Morning Briefing – Monday, November 18

The Copenhagen Post’s daily round-up of the front pages and other major Danish news stories

Manufacturing job growth predicted
After falling by more than half since the 1960s, the number of manufacturing jobs is forecast to begin growing again in the coming years. By 2020, as many as 25,000 new manufacturing jobs could be created as firms reach the end of a trend that has seen them outsource the simplest, lowest wage manufacturing jobs, according to a report by union Dansk Metal. Analysts confirmed that demand for the types of higher-quality products requiring skilled manufacturing was on the increase. Some 300,000 Danes work in manufacturing jobs. – Jyllands-Posten

SEE RELATED: Strategy to keep manufacturing jobs at home

Greenland leaders split over uranium
Lawmakers in Copenhagen should keep its hands off Greenland’s uranium, says that country’s premier, Aleqa Hammond. “I can understand that Denmark wants to get involved and call this a foreign policy and security issue, but Denmark needs to respect that the Self-Rule authority has the right to all natural resources in Greenland.” Hammond’s political opponents say the 2009 agreement between Nuuk and Copenhagen granting Greenland increased autonomy did not address the question of uranium. “We’re not ready to make that decision,” Kuupik Kleist, the former premier and opposition leader, said. – Information

SEE RELATED: Greenland split over uranium mining

Black is the new green
For the first time in seven years, exports of technology for extracting and burning fossil fuels have eclipsed sustainable energy technology exports, according to statistics from Dansk Energi, an energy industry lobby. Firms selling so-called black energy technologies, many of which also develop green technologies, predicted sales growth in both areas in the next decade, but said a stagnant economy and the continued growth of oil and gas exports in the US meant oil and gas technologies would outstrip exports of wind turbines and other forms of green technologies. During the first six months of this year, sales of green technologies fell 18 percent, while sales of fossil fuel technologies remained constant. – Børsen 

SEE RELATED: WWF condemns “irresponsible” pension funds

From don to don’t
The man at the centre of one of the country’s biggest cases of insider trading will be stripped of his right to run a business, if investigators have their way. Flemming ‘Don Ø’ Østergaard is accused of manipulating the share price of FC Copenhagen while he was managing director of PSE, the company that owns the club. Østergard sits on the board of at least 10 companies in Denmark and abroad. Financial crimes investigators said they would ask prosecutors to seek to require that, if convicted, Østergaard and Jørgen Glistrup, also a former executive with PSE, would not be able to be involved with the operation of a commercially oriented business unless they were personally financially responsible for it. – Berlingske Business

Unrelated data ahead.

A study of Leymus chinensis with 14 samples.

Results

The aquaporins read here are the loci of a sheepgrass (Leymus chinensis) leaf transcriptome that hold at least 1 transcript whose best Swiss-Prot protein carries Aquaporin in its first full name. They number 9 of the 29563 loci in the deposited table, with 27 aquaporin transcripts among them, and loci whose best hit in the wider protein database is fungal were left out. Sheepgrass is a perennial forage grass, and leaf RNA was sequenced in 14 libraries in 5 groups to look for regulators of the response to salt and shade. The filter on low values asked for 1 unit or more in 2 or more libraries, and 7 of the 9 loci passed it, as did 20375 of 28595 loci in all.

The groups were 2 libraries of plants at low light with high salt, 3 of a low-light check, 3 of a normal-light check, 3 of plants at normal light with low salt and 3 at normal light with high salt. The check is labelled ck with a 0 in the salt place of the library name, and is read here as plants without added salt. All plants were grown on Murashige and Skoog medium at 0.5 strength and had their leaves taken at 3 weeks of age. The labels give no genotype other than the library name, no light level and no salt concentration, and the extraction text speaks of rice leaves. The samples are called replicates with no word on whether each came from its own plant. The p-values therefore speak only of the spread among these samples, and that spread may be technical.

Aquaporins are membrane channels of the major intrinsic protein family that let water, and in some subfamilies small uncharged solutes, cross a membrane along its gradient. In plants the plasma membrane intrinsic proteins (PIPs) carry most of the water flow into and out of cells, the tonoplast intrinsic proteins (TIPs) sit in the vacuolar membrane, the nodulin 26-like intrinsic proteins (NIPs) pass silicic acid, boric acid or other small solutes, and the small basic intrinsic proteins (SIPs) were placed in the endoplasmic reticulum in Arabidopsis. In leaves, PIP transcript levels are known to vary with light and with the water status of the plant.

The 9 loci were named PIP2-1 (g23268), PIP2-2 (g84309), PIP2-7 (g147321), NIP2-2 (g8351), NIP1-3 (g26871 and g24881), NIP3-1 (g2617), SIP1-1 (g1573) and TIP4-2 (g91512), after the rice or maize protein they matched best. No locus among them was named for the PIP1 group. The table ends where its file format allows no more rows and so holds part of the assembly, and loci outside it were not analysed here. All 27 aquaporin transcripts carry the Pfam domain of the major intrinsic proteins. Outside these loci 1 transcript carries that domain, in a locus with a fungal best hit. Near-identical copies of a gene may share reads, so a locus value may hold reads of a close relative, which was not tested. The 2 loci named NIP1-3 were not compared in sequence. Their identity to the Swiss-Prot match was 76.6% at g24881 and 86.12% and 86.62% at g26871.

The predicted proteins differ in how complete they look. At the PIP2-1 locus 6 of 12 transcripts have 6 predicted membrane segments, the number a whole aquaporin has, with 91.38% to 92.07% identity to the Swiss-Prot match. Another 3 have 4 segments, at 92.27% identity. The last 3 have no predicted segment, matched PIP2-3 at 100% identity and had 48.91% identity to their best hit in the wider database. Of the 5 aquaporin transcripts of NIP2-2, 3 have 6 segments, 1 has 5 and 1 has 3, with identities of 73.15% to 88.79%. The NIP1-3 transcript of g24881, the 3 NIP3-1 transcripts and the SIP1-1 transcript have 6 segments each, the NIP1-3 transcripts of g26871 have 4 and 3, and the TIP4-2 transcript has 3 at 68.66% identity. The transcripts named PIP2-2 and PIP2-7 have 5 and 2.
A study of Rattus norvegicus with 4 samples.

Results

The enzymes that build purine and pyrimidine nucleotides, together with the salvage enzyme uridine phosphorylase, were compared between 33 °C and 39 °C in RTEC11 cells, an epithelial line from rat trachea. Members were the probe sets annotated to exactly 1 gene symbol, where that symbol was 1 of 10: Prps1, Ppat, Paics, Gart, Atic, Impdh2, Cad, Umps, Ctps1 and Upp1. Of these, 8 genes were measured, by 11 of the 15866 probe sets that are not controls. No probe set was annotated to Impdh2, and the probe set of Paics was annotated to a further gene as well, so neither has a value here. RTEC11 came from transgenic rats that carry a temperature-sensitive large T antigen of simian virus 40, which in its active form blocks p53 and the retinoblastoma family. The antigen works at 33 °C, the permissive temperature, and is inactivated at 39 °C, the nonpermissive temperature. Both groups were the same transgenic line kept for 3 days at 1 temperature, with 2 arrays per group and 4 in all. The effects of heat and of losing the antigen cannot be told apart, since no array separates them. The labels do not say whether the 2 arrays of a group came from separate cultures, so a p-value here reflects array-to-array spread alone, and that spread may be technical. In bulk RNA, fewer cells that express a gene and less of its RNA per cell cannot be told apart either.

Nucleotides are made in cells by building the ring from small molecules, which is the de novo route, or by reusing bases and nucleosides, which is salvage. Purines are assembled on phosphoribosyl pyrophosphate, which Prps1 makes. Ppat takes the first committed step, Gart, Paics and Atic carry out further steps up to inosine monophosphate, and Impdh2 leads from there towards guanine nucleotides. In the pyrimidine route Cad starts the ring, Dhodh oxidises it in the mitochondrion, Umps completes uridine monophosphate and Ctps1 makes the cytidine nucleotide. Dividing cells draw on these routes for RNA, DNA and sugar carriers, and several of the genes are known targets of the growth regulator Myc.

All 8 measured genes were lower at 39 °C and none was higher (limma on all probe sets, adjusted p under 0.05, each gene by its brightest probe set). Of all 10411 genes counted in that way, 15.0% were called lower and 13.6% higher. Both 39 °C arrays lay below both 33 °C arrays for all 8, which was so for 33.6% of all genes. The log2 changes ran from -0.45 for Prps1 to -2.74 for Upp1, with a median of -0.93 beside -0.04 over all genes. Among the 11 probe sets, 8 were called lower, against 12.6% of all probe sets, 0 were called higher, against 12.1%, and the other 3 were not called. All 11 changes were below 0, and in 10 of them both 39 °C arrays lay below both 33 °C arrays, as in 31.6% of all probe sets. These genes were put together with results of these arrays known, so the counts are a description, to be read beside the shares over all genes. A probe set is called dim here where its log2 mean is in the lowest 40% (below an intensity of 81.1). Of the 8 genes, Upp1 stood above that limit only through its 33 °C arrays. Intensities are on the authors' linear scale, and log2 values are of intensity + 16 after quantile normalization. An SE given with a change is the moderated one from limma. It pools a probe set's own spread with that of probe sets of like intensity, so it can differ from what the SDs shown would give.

SEE RELATED: Ex-football execs charged with stock manipulation

Editorial Excerpt | There is hope for local government
Local politicians are just as unprofessional today as they were in past years. The difference is that nowadays they have much more to do and are much harder to get in touch with. On top of that, we see local councils increasingly eliminating the democratic voice residents have in the way schools and other public institutions are run. […] Lots of local councils are doing things to end the status quo, but it is true that local government is in trouble. The solution isn’t staying home on election day. The solution is a thorough reform that makes local government more customer-service oriented. – Børsen 

READ MORE: Opinion | Young people staying away from polls in droves (again)


    How internationals can benefit from joining trade unions

    Being part of a trade union is a long-established norm for Danes. But many internationals do not join unions – instead enduring workers’ rights violations. Find out how joining a union could benefit you, and how to go about it.

  • Internationals in Denmark rarely join a trade union

    Internationals in Denmark rarely join a trade union

    Internationals are overrepresented in the lowest-paid fields of agriculture, transport, cleaning, hotels and restaurants, and construction – industries that classically lack collective agreements. A new analysis from the Workers’ Union’s Business Council suggests that internationals rarely join trade unions – but if they did, it would generate better industry standards.